Outdoor Spaces in Wotton-Under-Edge
The Town Council looks after a number of green spaces in the town. Carrying out other general maintenance, cutting grass, maintaining flower beds and monitoring the trees.
Grassland with pedestrian and disabled access off Holywell Road, plus direct access via a stile on to the Cotswold Way National Trail which runs along its southern boundary. Purchased by the Town Council in 2007, this tranquil, streamside setting is maintained to encourage biodiversity. Information Boards show some of the flora and fauna of the area and give details of the historic mill that was once on the site. There are picnic benches so that walkers and locals alike can enjoy the lovely Cotswold ambience. Please note that dogs are not permitted on the site.
A streamside walk from Potters Pond to Valley Road, leading onto the Cotswold Way National Trail. This is a tarmacked path between grassy, tree-lined banks and the stream, affording a pleasant, shady, level walk suitable for pushchairs and wheelchairs. The section of the path approaching Valley Road is named after the founder of the Round Table organisation in acknowledgement of the contribution the local Round Tablers made in surfacing this part of the path. The stream is home to the white-clawed crayfish, a protected species.
Grassland on a steep incline between Parklands and Adey’s (Lane), accessed via a footpath from Parklands or directly off Adey’s (Lane) through a kissing gate. There are benches at the top end of the field adjacent to Adey’s (Lane) from which to enjoy the views over the town. The Town Council leases the field to the Wotton-under-Edge Recreational Trust.
Jubilee Clump, Wotton Hill
A small, walled enclosure surrounding mature Scots and Corsican pine trees in a prominent position on Wotton Hill SSSI, one of the feature landmarks of the town. Wotton Hill is on the Cotswold Way and there are wonderful views from here across the Severn Vale and over into Wales. Named in honour of Queen Victoria’s Golden Jubilee in 1887 when the trees were replanted.
A lynchet is a bank of earth that builds up on the downslope of a field ploughed over a long period of time. The disturbed soil slips down the hillside to create a lynchet, sometimes referred to as strip lynchets, and are a feature of ancient field systems such as the Celtic field systems.
A grassy streamside area near the centre of the town and accessed from Wortley Road.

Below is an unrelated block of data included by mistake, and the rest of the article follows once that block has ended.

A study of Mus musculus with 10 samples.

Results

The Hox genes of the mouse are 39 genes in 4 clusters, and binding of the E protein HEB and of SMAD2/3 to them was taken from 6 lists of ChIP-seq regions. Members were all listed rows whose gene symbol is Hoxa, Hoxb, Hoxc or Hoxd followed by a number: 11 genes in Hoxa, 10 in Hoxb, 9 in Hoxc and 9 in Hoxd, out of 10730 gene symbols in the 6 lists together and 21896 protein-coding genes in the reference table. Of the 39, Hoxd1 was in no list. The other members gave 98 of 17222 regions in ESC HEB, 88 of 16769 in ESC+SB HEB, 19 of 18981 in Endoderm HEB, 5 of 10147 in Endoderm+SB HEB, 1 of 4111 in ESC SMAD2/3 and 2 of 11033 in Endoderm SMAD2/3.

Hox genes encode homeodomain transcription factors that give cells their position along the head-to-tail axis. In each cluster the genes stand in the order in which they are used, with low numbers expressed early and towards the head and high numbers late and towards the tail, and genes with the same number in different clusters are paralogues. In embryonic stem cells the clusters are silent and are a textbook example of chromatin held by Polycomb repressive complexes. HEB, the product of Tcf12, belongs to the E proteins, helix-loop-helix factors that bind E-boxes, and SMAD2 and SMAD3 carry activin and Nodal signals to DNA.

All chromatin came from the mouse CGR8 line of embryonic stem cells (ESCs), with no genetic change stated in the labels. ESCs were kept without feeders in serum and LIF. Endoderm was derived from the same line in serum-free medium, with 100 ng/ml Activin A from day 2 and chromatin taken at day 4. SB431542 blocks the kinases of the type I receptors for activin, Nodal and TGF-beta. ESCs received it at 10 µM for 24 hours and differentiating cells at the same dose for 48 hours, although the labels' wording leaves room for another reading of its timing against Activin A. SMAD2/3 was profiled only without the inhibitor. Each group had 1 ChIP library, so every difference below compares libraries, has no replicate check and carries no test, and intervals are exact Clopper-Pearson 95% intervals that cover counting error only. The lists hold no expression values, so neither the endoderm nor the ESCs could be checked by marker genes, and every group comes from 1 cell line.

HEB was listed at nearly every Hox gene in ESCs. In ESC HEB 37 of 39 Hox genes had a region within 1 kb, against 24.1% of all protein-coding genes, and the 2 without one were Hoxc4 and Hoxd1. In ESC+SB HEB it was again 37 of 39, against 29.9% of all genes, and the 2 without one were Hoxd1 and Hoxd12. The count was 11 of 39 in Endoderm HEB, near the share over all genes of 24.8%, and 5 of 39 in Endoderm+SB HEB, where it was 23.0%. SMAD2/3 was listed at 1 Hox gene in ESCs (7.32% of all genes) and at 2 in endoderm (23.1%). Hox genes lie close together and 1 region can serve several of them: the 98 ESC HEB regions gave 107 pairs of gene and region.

The Green Chipping
A grassy triangle at the western edge of the Chipping car park with benches.
Part of Wotton Hill SSSI, and on a steep south and east facing bank, this is a mature broadleaf woodland of ancient origin, predominantly of beech and ash, around 15.5 acres in all. There is a footpath leading through it from Old London Road to Adey’s (Lane), which is steep and stepped in places. Information Boards detail some of the species of flora and fauna found here, as well as the geology of the wood.
A small, level grassed area between Mount Pleasant and Knapp Road.
Views are in abundance in many parts of the town due to its natural topography. Two specific and easily accessible viewpoints maintained by the Town Council are:
Old London Road Viewpoint – a small, fenced viewpoint with carved oak seat.
Rushmire Hill Viewpoint – a small, roadside area with a bench at the northernmost junction of Rushmire Hill and Coombe Lane.
The Town Council commissions a tree survey every five years to check for any defects or other potential problems with the trees on its land. Works to the trees are carried out in accordance with the recommendations of an arboriculturalist within the prescribed timescales. The Council also provides the Christmas Tree each year on the land at Tabernacle Pitch.
Flowerbeds and Planters
The Town Council maintains a number of the flowerbeds and planters in the town, including those at the front of Parklands; the War Memorial; the Chipping Clubroom; the top of Bearlands; Tabernacle Pitch; Junction of Gloucester Street/Bradley Street; adjacent to bus shelter at New Road; Coombe Triangle. There are also a number of planters that are sponsored and maintained by other organisations in the town. A significant contribution is also made towards the lovely hanging baskets organised by Wotton in Bloom. They adorn the shopping streets each summer.
Public Rights of Way
The Cotswold Way National Trail runs through the centre of the town, which attracts many visitors, both walkers and cyclists. There is a lot for walkers and horse riders to explore as there are almost one hundred public rights of way in the parish, many offering the chance to enjoy wonderful Cotswold views. The Town Council has a committee which actively monitors the condition of the public rights of way so that they remain accessible and enjoyable to locals and visitors alike.